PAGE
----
Pope Francis has written to the Patriarch of Lisbon, thanking him personally for a note to priests on the application of Amoris Laetitia, which borrowed heavily from controversial Argentinian guidelines.
The Patriarch’s note was made public in February, and essentially replicates the guidelines of Buenos Aires and for the diocese of Rome.
The Patriarch, Cardinal Manuel Clemente, was heavily criticised for the note, first from conservatives who accused him of betraying the faith, and then from the secular press who condemned him for telling divorced-and-remarried couples to live in continence.
The cardinal had said that couples in irregular unions should first try to live in continence if they wanted to receive the sacraments. However, if that proves impossible they should move on to a discernment process that could lead to them rejoining the sacramental life of the Church.
Pope Francis has now written personally to the Patriarch to thank him for issuing the note.
“I recognised in it the effort of a pastor and father who, aware of the duty to accompany his faithful, wished to begin with his priests so that they can better fulfil their ministry”, the Pope wrote. The letter is dated June 26th, but was only made public on Thursday.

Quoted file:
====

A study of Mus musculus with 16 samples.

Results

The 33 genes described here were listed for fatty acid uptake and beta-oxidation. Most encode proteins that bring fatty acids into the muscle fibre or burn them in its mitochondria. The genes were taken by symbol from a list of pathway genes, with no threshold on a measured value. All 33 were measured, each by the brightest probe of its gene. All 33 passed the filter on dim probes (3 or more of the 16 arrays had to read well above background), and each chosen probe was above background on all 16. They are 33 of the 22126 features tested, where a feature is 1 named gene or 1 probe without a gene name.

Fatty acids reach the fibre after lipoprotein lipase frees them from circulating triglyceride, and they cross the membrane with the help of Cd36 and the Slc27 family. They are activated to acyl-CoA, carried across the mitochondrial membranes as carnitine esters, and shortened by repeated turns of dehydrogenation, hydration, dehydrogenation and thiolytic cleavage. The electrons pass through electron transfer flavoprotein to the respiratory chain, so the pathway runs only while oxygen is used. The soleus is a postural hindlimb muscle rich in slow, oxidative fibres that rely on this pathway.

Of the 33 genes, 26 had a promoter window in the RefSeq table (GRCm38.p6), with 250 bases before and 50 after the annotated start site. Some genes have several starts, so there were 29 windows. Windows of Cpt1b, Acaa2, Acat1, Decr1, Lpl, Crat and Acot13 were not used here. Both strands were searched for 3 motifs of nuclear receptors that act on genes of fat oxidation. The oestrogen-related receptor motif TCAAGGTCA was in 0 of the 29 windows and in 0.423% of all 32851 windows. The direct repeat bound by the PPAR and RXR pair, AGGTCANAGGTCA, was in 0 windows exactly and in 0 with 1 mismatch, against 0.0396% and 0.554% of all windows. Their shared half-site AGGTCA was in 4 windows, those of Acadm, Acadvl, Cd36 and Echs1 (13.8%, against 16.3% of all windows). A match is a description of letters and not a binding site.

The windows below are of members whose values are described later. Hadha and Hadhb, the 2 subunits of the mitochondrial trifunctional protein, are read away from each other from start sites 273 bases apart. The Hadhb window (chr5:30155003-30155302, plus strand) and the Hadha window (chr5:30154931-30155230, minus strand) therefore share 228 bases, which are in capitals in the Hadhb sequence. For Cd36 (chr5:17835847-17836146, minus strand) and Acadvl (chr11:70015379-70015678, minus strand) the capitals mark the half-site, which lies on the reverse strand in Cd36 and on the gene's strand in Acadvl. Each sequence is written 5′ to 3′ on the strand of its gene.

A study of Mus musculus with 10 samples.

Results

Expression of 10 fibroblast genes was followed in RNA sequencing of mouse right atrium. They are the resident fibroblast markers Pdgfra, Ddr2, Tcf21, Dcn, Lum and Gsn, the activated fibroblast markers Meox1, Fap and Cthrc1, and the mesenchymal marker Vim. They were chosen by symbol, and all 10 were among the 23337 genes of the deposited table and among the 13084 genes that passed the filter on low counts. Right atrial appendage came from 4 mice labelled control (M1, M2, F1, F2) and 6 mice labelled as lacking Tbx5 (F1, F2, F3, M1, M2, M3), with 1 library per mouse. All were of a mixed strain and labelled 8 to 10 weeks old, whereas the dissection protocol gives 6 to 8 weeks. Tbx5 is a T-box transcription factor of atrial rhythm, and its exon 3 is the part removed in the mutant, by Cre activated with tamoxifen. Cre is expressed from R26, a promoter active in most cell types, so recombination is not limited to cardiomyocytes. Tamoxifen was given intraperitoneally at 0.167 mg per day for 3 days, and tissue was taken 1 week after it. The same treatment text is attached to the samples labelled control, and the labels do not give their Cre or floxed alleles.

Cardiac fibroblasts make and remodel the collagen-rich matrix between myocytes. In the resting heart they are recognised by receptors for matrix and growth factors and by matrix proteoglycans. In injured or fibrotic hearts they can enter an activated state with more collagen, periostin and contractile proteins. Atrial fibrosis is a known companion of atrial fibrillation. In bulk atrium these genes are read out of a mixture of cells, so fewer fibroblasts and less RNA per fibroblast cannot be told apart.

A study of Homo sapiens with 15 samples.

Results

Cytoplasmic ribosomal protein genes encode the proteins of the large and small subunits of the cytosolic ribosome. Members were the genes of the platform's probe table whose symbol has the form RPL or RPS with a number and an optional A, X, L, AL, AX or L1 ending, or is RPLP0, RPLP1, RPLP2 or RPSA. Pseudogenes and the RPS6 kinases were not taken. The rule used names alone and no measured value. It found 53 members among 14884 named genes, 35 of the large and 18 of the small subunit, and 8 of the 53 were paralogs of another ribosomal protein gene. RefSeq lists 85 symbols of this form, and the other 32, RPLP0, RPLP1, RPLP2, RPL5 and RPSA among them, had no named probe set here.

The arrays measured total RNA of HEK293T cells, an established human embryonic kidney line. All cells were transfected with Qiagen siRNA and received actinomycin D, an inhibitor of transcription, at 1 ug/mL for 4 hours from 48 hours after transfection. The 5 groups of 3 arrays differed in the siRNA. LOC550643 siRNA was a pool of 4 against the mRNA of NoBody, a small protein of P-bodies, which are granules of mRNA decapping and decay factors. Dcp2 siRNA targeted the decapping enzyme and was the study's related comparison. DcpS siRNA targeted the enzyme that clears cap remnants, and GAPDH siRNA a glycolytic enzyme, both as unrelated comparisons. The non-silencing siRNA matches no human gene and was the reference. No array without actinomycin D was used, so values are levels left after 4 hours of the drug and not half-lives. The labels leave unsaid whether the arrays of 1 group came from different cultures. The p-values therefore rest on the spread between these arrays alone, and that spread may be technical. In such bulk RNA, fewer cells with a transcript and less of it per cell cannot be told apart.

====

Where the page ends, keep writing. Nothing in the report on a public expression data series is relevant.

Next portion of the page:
“Today, the reality of married life is one of the fields where this accompaniment is most delicate and necessary. That is why I wished to call the Bishops to a long synodal path which might prove propitious – despite the inevitable difficulties – to the maturing of shared guidelines which would benefit the entire People of God,” Pope Francis says.
The Pope goes on to encourage the Patriarch and all the priests of Lisbon to continue with their commitment to help those in complex situations. “A commitment which, on one hand, requires considerable effort on the part of us pastors, but which, on the other, regenerates us and sanctifies us, as everything is animated by the grace of the Holy Spirit which the Risen Lord bestowed on his apostles, for the remission of sins and the solicitous caring of all wounds.”
The Patriarch of Lisbon attended both Synods of the Family and initially expressed disagreement with the idea of allowing divorced-and-remarried Catholics to receive Communion. His attitude changed after the publication of Amoris Laetitia, however.